Fritz R. Huitfeldt

Credit: Unknown/Oslo Museum
Memorial of Fritz R. Huitfeldt at Tryvannshøyden, Norway

Nicolay Fritz Reichwein Huitfeldt (19 May 1851 – 24 April 1938) was a Norwegian sports official, writer and producer of skis and ski bindings.

He was born in Borgund as a son of stipendiary magistrate Hans Jørgen Hansen Huitfeldt (1806–1857) and Fredrikke Ambjørnsen (1815–1897). The family also lived in Fredrikstad during Fritz' childhood, but when he was 13 years old the family moved to Christiania. He was a distant descendant of Tønne Huitfeldt. He was married twice; first between 1894 and 1900 to singer Marie Gløersen, then from September 1906 to Asta Marie Andersen (1877–1966). Through his sister, Fritz Huitfeldt was a brother-in-law of his own cousin Henrik Jørgen Huitfeldt-Kaas.[1]

He took the examen artium in 1870 and the "second examen" in 1872. Until 1880 he ran two sports stores, first in Drammen and later in Skien. He was then hired in a weapons store in Kristiania. He started his own sports store in the city in 1891, but was employed in another store between 1896 and 1915. He also ran a ski factory named Ull. He became famous all over the skiing world for his "Huitfeldt ski bindings", pioneered in 1894 with significant improvements in 1897 and 1904. His bindings and skis were used by ski jumpers, cross-country skiers and alpine skiers alike.[1][2]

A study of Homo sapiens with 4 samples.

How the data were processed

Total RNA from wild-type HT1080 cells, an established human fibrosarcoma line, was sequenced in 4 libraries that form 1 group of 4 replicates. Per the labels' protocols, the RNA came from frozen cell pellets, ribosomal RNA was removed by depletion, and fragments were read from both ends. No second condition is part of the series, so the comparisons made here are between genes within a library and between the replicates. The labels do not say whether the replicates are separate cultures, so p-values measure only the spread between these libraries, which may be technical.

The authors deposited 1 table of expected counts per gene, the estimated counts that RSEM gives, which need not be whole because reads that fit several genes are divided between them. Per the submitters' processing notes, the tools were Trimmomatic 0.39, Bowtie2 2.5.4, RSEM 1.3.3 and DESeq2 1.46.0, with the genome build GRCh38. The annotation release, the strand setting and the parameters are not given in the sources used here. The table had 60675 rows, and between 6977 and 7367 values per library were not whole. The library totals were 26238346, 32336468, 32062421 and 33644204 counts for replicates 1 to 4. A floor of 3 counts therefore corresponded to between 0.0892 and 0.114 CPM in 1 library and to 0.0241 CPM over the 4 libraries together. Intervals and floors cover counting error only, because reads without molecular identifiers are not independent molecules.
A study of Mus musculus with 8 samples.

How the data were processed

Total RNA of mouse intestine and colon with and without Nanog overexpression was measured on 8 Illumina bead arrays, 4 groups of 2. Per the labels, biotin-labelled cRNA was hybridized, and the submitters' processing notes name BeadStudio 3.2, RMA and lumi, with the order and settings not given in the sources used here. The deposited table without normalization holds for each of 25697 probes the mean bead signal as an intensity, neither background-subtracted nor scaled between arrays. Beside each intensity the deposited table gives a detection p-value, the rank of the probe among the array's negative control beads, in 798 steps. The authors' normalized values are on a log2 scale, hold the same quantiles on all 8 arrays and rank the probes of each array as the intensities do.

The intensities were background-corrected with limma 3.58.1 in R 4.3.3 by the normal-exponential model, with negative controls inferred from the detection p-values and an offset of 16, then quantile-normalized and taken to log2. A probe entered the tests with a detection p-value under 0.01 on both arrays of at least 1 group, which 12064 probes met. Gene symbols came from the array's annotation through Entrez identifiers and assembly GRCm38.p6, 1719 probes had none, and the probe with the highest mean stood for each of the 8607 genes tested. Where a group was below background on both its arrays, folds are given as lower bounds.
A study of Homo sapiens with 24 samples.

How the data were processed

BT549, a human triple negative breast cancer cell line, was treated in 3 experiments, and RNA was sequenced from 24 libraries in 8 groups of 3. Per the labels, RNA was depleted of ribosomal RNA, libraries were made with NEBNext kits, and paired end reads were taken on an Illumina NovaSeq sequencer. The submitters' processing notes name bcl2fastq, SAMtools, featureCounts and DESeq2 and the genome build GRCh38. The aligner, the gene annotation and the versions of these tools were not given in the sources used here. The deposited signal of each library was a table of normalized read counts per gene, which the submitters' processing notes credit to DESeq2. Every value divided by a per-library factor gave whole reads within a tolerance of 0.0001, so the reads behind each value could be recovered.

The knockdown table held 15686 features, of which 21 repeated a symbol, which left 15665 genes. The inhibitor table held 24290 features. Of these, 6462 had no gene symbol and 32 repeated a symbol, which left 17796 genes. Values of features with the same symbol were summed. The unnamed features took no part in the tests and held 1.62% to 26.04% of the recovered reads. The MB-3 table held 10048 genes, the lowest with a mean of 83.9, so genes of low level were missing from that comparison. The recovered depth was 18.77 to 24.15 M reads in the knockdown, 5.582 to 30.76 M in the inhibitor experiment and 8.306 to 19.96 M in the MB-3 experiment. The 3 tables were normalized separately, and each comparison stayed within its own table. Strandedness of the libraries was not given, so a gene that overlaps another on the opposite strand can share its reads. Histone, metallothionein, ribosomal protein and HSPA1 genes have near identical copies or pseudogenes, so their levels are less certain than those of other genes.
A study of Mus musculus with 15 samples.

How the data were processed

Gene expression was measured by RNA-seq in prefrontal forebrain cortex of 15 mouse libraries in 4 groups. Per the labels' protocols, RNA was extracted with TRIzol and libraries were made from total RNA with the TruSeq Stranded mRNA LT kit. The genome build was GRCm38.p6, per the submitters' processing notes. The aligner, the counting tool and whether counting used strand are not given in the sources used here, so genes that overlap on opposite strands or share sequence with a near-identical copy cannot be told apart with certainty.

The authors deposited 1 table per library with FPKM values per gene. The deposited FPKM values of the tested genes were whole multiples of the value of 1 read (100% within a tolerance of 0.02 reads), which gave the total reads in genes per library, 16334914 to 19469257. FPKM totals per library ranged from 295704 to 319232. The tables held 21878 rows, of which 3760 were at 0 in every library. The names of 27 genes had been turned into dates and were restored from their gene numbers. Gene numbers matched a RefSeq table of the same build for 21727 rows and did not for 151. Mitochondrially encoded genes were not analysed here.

Huitfeldt released several books about skiing, hunting and angling, and was an avid skier.[1] He was a member of SK Ull from its founding year, served as its first deputy chairman (from 1883 to 1885) and its third chairman (from 1887 to 1891).[3] He especially promoted the Telemark style of skiing, but was also involved in ski jumping. From 1886 to 1893 he was employed as a secretary in the Association for the Promotion of Skiing. Together with Hans Krag he was responsible for discontinuing the Husebyrennet and creating the hill Holmenkollbakken which arranged the Holmenkollen Ski Festival from 1892.[1]

He died in April 1938 in Oslo. A monument to him was unveiled near Tryvannstårnet in 1946.[1]


  1. ^ a b c d e Axell, Leif Torgersen. "Fritz Huitfeldt". In Helle, Knut. Norsk biografisk leksikon (in Norwegian). Oslo: Kunnskapsforlaget. Retrieved 17 November 2011.
  2. ^ "Fritz Reichwein Huitfeldt". Store norske leksikon (in Norwegian). Oslo: Kunnskapsforlaget. Retrieved 17 November 2011.
  3. ^ Vaage, Jakob (1983). Skiklubben Ull 100 år 1883–1983 (in Norwegian). Oslo. pp. 7–9.